27 Oct 2008


Agricultural engineer and founder of AndesWines.com, the first bilingual South American wine site, Maximilian Morales, sends this report.

The Argentine wine scene continues to be affected by the arrival of new Chilean investors who have so far invested in areas such as Luján de Cuyo, La Consulta, Perdriel and Agrelo. Based on Caucasia Wine Thinking statistics, and supported by the leading Chilean newspaper El Mercurio, Chilean-owned Argentine wineries already account for 18% of all Argentine wine exports in bottle. This percentage will keep increasing in the next years, according to a report on AndesWines.com, the  multilingual (English, German, Portuguese and Spanish) Latin American site devoted to wine and tourism.

The latest Chilean investors are Espíritu de Argentina, the name of the wine produced by the Chilean Winery Aresti in Argentina, in alliance with the German distributor Racke. Also, Veramonte winery of Casablanca Valley in Chile, whose owner is the well-known Chilean vintner based in California, Agustin Huneeus, has just launched an Argentine wine in order to conquer and expand their portfolio in the international market.

AndesWines.com’s report points out the existence of other Chilean businesses with limited Malbec productions that are developing in the area of Vistalba. Therefore, in the next months there will be more surprises complemented with potential Argentine vineyard and winery acquisitions by other Chilean investors.

Since their arrival in Argentina, Chileans aimed for higher market share thanks to several strategies such as buying grapes initially or joint ventures with prestigious wineries in order to carry out small productions to test the market before investing.

“Chilean investors and vintners have planned this strategy since the very first moment they started to buy wineries in Argentina. Therefore, this plan is going to expand and new wine players are planning to invest in Argentina in order to improve their global portfolio with Argentine Malbec and Torrontés, for example. One of the main reasons to invest on the other side of the Andes is based on importers’ and distributors’ interest in countries such as the UK, US, China, Korea, Japan and others, in order to keep working with Chilean producers, and this way, to keep long-term commercial relationships by expanding into Argentine wine”, says wine marketing consultant, Maximiliano Morales of AndesWine.com.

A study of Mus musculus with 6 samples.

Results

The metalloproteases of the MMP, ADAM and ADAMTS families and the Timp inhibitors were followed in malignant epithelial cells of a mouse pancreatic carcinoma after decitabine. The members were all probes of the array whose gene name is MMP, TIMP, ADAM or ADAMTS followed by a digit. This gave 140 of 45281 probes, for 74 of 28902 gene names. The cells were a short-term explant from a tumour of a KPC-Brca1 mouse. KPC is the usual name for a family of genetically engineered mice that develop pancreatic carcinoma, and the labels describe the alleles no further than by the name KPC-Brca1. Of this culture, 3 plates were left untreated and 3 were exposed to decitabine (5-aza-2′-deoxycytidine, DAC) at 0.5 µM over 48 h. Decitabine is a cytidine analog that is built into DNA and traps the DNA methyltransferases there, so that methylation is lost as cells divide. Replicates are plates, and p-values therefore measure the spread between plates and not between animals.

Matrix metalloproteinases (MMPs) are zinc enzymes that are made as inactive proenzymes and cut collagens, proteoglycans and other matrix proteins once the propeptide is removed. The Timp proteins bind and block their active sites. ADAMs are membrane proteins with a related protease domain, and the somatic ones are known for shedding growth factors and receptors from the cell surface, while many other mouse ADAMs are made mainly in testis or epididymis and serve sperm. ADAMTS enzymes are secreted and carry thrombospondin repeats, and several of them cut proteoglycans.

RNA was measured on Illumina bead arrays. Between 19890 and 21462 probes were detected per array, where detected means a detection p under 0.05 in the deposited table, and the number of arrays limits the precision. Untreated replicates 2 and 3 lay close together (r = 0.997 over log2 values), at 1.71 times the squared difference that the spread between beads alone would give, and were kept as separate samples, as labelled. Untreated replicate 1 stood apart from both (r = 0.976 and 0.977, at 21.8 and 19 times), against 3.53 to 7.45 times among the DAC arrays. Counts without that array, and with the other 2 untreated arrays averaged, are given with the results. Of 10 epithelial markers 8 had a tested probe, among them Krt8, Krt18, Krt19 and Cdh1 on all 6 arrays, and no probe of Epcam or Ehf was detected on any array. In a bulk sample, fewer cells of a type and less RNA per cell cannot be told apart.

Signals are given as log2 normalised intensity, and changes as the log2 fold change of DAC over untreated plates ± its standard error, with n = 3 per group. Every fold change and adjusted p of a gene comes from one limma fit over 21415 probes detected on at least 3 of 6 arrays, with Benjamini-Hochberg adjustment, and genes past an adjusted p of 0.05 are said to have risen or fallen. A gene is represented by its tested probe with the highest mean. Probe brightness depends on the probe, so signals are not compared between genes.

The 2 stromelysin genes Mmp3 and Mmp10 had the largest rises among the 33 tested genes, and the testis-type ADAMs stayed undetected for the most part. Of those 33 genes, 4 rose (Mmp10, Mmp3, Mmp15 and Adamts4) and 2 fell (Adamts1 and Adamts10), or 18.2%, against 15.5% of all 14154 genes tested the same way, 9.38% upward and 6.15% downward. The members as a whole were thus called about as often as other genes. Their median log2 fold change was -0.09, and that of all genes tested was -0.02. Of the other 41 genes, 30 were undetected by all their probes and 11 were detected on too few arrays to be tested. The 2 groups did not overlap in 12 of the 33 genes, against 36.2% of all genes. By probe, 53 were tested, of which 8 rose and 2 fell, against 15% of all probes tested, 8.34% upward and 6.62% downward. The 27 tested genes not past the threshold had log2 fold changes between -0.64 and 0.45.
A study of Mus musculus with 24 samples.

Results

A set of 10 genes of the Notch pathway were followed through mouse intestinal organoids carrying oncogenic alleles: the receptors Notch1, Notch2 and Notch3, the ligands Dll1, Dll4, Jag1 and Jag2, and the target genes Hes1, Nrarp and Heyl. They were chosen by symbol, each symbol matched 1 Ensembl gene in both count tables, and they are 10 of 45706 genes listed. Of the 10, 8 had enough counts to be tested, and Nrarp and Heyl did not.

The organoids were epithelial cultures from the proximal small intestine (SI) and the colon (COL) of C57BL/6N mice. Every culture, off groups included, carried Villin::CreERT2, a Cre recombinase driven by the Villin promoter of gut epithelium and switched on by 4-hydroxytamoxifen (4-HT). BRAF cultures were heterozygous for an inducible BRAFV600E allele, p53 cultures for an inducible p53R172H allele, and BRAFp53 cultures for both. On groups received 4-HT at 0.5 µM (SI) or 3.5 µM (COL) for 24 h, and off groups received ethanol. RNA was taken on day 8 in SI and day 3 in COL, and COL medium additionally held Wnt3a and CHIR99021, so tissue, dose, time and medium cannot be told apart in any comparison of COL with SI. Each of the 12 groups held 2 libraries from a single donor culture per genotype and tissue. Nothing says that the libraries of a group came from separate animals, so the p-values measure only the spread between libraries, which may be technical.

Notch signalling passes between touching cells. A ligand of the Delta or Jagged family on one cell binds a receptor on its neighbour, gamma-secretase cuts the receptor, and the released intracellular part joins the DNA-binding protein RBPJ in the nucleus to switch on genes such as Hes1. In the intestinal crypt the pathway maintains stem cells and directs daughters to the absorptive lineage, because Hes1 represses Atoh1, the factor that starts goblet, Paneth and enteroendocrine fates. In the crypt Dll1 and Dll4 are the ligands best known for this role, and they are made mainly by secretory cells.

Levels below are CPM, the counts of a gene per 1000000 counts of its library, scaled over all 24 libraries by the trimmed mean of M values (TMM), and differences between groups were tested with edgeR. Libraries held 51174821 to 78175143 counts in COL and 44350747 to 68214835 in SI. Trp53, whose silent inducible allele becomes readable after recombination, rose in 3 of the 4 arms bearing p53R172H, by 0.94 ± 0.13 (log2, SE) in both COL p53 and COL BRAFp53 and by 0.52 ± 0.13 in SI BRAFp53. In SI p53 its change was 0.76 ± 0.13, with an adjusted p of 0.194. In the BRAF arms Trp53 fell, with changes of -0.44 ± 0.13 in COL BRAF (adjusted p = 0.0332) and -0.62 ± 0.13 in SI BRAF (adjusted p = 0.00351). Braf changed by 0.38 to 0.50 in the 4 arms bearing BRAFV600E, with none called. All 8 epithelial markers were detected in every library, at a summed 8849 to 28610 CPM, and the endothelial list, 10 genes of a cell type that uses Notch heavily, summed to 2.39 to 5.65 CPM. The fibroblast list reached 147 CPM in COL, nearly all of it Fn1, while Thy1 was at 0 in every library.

The current rollcall of Chilean wine investments is Trivento (owned by Concha y Toro), Kaikén (Montes), Bodega Renacer (Patricio Reich), Doña Paula (Santa Rita), Finca del Origen (Santa Carolina) and Bodega Universo Austral (the giant Viñedos Córpora). Finally, Viña San Pedro and Viña Tarapacá are in the process of merging, creating a significant new wine exporter, the merger of Finca La Celia and Tamari in Argentina..

However, this pan-Andes trend has not convinced everybody. One of the most important players in Chilean wine, Eduardo Chadwick, owner of Errázuriz, Seña and Caliterra and instigator of the Berlin tasting, has pointed out in several interviews that he will continue to promote Chilean wines and will not invest in Argentina.